Encouraging Communication and Collaboration Outside of the Inbox

Encouraging Communication and Collaboration Outside of the Inbox

In Technology by Daniel NewmanLeave a Comment

Instant messaging, video conferencing, and collaborative software platforms are making team communication happen in real time and super-efficient. It’s a wonder, then, that email is still in our vocabulary. But many die-hards are stubbornly resisting a switch from this antiquated mode of communication.

In fact, email use is expected to increase at a rate of 3 percent over the next two years, according to a report by The Radicati Group Inc. Email’s tenacity is even more perplexing when you consider how rapidly social media has penetrated our more personal digital communication habits.

While people happily tweet, share moments with Snapchat, and post to Instagram and Facebook, many are slow or even resistant to adopting more business-oriented communications software such as Cisco Spark, Slack, Microsoft Teams, or Facebook’s Workplace.

Why are cloud-based collaborative tools so difficult to sell to employees? Do real-time digital platforms work personally but not in the workplace? Depending on the leadership, the answer could be yes.

Convincing Collaborators

All-in-one collaboration environments save time, make file sharing easier, and conferencing more efficient. And that’s significant when, according to CIO, over 80 percent of workers’ time is spent on collaborative activities. Realizing this, Aramark, a food facilities industry leader, switched its Capital Projects department to a UC platform to avoid the associated business risk.  Email cannot provide real-time visibility, which the company recognized as a contributing factor in subpar project completion rates.

Imagine a university dining hall that must have facilities completed by mid-August, not when the students are already back at school in the fall. Communication must be swiftly handled when deadlines are looming and, when two of the variables are food and hungry students, failure to deliver is not an option. But Aramark found that a shocking 99 percent of their work management was stuck in email.

To resolve the bottleneck, the company introduced Smartsheet as their work management platform. Smartsheet gave their capital projects group live project data including project progress reports, status updates, and timelines. Nothing got held up in an inbox or email attachment.

While few company executives need convincing of the advantages of UC platforms, other members of the business community do need to be convinced – and they are the collaborators themselves. How can leaders usher in enthusiasm for a new mode of communication?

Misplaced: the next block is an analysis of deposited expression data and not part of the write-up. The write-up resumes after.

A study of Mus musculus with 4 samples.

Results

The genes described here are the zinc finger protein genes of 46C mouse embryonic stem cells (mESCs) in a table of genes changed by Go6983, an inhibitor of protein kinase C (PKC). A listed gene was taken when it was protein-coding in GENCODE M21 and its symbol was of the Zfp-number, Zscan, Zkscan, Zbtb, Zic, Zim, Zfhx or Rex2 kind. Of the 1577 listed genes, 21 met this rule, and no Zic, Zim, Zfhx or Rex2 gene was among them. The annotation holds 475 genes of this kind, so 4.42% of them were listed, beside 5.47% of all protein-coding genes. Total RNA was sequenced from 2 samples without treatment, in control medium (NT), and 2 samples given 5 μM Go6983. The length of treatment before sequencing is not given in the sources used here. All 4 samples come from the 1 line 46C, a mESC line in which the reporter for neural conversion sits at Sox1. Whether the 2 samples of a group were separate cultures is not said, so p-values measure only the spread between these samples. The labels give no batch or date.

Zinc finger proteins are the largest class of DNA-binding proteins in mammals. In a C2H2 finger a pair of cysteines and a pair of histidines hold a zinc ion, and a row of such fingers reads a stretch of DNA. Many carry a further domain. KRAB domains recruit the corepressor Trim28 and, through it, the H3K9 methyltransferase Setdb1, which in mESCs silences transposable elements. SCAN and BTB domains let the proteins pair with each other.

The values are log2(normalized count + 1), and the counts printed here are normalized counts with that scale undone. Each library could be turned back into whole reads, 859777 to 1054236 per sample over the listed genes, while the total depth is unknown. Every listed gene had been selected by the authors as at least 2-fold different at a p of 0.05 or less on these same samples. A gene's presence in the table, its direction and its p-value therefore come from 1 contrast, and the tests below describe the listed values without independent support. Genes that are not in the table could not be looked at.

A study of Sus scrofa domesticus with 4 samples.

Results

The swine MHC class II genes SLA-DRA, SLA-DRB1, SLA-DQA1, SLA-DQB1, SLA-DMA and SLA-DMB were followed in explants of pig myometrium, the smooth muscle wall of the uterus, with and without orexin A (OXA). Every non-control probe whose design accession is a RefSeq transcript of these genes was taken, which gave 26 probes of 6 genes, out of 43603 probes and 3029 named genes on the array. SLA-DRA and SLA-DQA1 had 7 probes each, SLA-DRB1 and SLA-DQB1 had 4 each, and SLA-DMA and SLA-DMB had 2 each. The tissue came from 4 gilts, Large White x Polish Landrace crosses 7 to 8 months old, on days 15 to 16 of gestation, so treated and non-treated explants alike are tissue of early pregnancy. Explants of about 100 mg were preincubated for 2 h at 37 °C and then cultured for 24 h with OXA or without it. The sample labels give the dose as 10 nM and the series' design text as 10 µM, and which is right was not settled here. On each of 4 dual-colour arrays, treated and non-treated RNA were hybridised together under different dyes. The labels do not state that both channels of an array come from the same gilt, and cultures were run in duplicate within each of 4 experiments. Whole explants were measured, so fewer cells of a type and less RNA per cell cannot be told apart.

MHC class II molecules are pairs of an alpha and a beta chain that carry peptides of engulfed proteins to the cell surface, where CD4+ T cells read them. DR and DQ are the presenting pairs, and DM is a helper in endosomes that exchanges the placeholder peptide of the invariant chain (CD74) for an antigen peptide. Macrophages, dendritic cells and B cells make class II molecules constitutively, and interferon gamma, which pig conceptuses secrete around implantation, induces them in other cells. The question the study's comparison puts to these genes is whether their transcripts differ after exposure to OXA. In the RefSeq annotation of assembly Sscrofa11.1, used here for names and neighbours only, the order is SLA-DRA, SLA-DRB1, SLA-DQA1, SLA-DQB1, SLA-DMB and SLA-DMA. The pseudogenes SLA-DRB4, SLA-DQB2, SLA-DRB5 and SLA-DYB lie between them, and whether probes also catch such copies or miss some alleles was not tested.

Step Out of the Executive Box

Business leaders, in their zeal to keep up with industry advancements such as digital transformation, tend to forget that employees are the ones who perform and deliver value; technology merely helps them do it better. So, any change that is to be introduced, technology or otherwise, is best framed through the eyes of the employee.

Will it make their job easier? Will it add to their professional skills and development? Will it make the job less rote? In short, what’s in it for them? This approach will reveal to leaders the best way to engage employees in collaborative platform implementation and secure its success.

It’s not employees who need to think outside the inbox when it comes to new technologies. Rather, IT and management teams need to step outside their executive boxes, see what their employees see, and experience what their employees experience. Only then can they determine what is preventing full adoption of UC platforms and, ultimately, hampering project work.

Here are four keys ways to get the buy-in of users and a functioning UC platform.

  1. Reason the Roll-out

Before a new communications software is rolled out, users need to know the reasoning behind it. After all, if something isn’t broken, why fix it? For a new tool to be successful, users must see clear benefits before they will warm to its adoption.

In a rapidly moving business environment, information must be current and accessible to all involved; by showing how new communication platforms function, email is exposed as an ineffective mode of communication.

  1. Demonstrate the Dream

When you give employees new technology tools do you ever demonstrate how they work or can be used? Or do you let your employees figure it out? Take some time and do the research for them with demo. Seriously, show employees how their work could be, and they are much more likely to use a tool when they envision themselves using that technology.

By explicitly demonstrating with models and visuals how the new tool will change existing workplace systems, new systems become less intimidating and more inviting.

  1. Educate to Excite

An organization is made up of diverse individuals, some of whom are early adopters and some of whom take a little longer to reach warp speed with digital experiences. Offering training for employees with all levels of tech experience will ensure that everyone will be confident that they can, eventually, master a new communications tool.

  1. Culture Counts

The good news is that getting to yes when it comes to the use of collaboration tools is achievable with the right approach. The bad news, however, is that the speed at which that might happen is determined by the organization’s culture.

Companies that refuse to listen to employees or fail to invite them onboard as valuable contributors will find transformation slow and difficult. Deployment is 10 percent of the battle; buy-in is 90 percent. Make sure your leadership is not the reasonemail continues to trump a collaborative platform and your action steps are constrained by an inbox.

Photo Credit: RKBSemashko Flickr via Compfight cc

This article was first published on FOW Media.